Confused courts? Students can wear shirt promoting gay lifestyle, just not one with American flag

by Gregory Tomlin |

(Rebecca Young/Facebook)Rebecca Young, sporting her pro-gay t-shirt, in this Facebook photo.

NEW YORK (Christian Examiner) – The American Civil Liberties Union (ACLU) is praising a court ruling that protects a student's right to wear a gay-themed t-shirt to school, heralding the case as one that advances a "conversation that is crucial to continued progress on LGBT rights."

In August, Rebecca Young, an 18-year-old senior at Richland High School in Giles County, Tenn., was told by her school principal she could not wear a gay lifestyle t-shirt with the message, "Some People Are Gay, Get Over It," to school – for her own protection.

In the lawsuit filed in federal court in November, Young alleged that Principal Micah Landers told her in front of a cafeteria full of students she could not wear the shirt or "any other shirt referencing LGBT rights to school because it made her a target for bullying and provoked other students."

James Esseks, director of the ACLU's LGBT and HIV Project, said Young called the ACLU of Tennessee for assistance and the organization promptly sued the school district and the principal. The school district did not contest the lawsuit.

"Predictably, a federal judge issued a preliminary ruling yesterday that the principal's censorship violates Rebecca's free speech rights," Esseks wrote on the ACLU's website.

In his ruling, Chief Judge Kevin H. Sharp wrote "the legal ground covering [these] issues is so well-trod that the Court finds itself surprised at the need to journey down this path."

"Schools need not tolerate student speech deemed inconsistent with the educational mission even if similar speech might be protected outside the school setting," Sharp wrote.

He added, however, that student expression on LGBT issues "is speech on a purely political topic, which falls clearly within the ambit of the First Amendment's protection. Yet neither may schools punish 'silent, passive expression of opinion, unaccompanied by any disorder or disturbance' attributable to such expression, and 'undifferentiated fear or apprehension of disturbance is not enough to overcome the right to freedom of expression.'"

"Because Defendants have regulated student speech on a matter of political importance without making any showing whatsoever regarding their stated fear of the speech disrupting the school environment, the ban on speech in support of the LGBT community fails to pass constitutional muster," Sharp wrote.

Just what is "constitutional muster" on such free speech issues related to student dress is hardly clear, however. In fact, the various courts around the country have issued confusing and sometimes contradictory rulings.

In a case in 2011, a student near Chicago, Ill., was told by school administrators he could not wear a shirt that said, "Be Happy. Not Gay." because it was a direct assault on homosexual students at a school that valued diversity and gay rights. A federal court ruled that the district was wrong and the student could wear the shirt, because a school that "permits advocacy of the rights of homosexual students cannot be allowed to stifle criticism of homosexuality."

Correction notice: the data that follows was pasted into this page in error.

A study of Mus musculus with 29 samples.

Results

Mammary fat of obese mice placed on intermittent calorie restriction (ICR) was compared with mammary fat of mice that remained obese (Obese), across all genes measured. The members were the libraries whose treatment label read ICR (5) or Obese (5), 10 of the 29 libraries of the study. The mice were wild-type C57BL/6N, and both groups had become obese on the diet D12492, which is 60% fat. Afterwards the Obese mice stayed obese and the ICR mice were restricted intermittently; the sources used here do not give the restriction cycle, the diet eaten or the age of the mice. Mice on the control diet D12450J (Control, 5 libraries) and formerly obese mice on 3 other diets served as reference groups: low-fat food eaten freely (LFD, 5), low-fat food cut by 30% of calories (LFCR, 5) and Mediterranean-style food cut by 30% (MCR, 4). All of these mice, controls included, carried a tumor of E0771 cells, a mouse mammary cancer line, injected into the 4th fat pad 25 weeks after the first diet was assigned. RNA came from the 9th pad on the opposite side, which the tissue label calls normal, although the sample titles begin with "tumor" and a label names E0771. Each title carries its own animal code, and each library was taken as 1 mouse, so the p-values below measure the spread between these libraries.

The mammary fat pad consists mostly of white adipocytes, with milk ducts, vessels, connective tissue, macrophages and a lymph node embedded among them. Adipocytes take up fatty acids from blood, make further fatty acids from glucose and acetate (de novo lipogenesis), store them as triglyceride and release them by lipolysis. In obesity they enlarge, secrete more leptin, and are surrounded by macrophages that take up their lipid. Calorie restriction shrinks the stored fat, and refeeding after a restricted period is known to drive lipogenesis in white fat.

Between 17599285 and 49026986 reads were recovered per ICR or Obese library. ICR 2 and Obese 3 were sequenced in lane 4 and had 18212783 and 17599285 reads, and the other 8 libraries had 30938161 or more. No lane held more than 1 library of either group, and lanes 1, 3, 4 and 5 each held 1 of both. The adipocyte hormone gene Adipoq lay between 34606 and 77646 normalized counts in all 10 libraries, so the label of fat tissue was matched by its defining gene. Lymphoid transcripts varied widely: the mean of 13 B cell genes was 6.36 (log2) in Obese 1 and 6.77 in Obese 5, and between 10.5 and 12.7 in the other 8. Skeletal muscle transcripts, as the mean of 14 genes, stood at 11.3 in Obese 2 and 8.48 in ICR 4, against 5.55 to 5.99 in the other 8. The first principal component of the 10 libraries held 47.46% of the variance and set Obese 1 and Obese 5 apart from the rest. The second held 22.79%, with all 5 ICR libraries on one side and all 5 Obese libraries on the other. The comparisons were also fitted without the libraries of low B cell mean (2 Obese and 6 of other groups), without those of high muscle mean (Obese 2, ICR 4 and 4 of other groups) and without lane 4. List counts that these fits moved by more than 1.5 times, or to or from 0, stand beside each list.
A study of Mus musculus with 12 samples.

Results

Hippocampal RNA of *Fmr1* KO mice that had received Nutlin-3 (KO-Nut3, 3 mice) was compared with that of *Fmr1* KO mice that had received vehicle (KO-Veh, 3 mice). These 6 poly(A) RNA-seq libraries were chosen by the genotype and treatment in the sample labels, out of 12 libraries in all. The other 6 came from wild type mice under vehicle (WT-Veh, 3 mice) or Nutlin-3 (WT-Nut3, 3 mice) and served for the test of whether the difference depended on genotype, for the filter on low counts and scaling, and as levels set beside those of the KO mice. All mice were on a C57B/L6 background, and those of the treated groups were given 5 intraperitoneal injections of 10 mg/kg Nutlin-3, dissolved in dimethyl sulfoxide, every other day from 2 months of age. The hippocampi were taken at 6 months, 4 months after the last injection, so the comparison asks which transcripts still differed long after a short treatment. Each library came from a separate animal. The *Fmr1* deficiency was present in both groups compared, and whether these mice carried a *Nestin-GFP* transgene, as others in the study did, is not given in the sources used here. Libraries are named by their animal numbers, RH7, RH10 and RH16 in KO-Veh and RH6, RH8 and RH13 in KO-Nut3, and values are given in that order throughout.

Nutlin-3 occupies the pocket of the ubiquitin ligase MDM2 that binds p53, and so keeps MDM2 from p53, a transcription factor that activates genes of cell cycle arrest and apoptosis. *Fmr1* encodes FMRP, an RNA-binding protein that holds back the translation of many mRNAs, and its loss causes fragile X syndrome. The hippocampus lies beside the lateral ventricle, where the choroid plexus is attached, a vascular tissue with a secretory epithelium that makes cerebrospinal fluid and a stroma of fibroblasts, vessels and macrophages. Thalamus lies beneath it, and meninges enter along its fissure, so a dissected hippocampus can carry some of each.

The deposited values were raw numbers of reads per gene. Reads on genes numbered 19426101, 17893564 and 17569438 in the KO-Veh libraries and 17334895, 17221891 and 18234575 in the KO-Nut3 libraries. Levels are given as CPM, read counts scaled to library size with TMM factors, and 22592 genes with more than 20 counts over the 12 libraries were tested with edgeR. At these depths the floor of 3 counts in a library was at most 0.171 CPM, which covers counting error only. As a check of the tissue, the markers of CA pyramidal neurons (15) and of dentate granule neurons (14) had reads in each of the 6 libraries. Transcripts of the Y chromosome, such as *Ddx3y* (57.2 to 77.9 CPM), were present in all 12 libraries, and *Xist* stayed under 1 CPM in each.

In a similar vein in May 2012, a gay student in Ohio was told he would be required to remove a rainbow-colored "ichthys" (fish) t-shirt with the phrase "Jesus is not a homophobe" on it. After a lawsuit, the judge ruled the young man in the case, Maverick Couch, could not be prohibited from wearing the shirt deemed "sexual" in nature by the school.

But just what speech is acceptable appears to be a matter only the courts are allowed to decide. In 2010, the Supreme Court rejected a case in which a student was told he could not wear a "John Edwards for President" t-shirt to school. The 5th U.S. Circuit Court of Appeals upheld the August 2009 decision of the Waxahachie ISD to ban political t-shirts, claiming the policy was intended to eliminate distractions.

Also, in March 2015, the Supreme Court rejected a case originating in California in which several teenagers alleged their free speech rights were violated in 2010 when they were told to remove t-shirts emblazoned with the American flag or go home. The students chose to go home, but also sued the school district over the incident.

The school district fought the suit and alleged the shirts would provoke Hispanic students to violence on the Cinco de Mayo holiday. Mexicans celebrate May 5 as the day the Mexican army defeated French forces at the Battle of Puebla in 1862.

When the high court refused to take up the case, leaving a 2014 ruling from the 9th U.S. Circuit Court of Appeals in place, attorney William Becker told the Los Angeles Times that the court's refusal to act was a defeat for free speech that "opens the door for a school to suppress any viewpoints that are opposed by a band of vocal and violent bullies."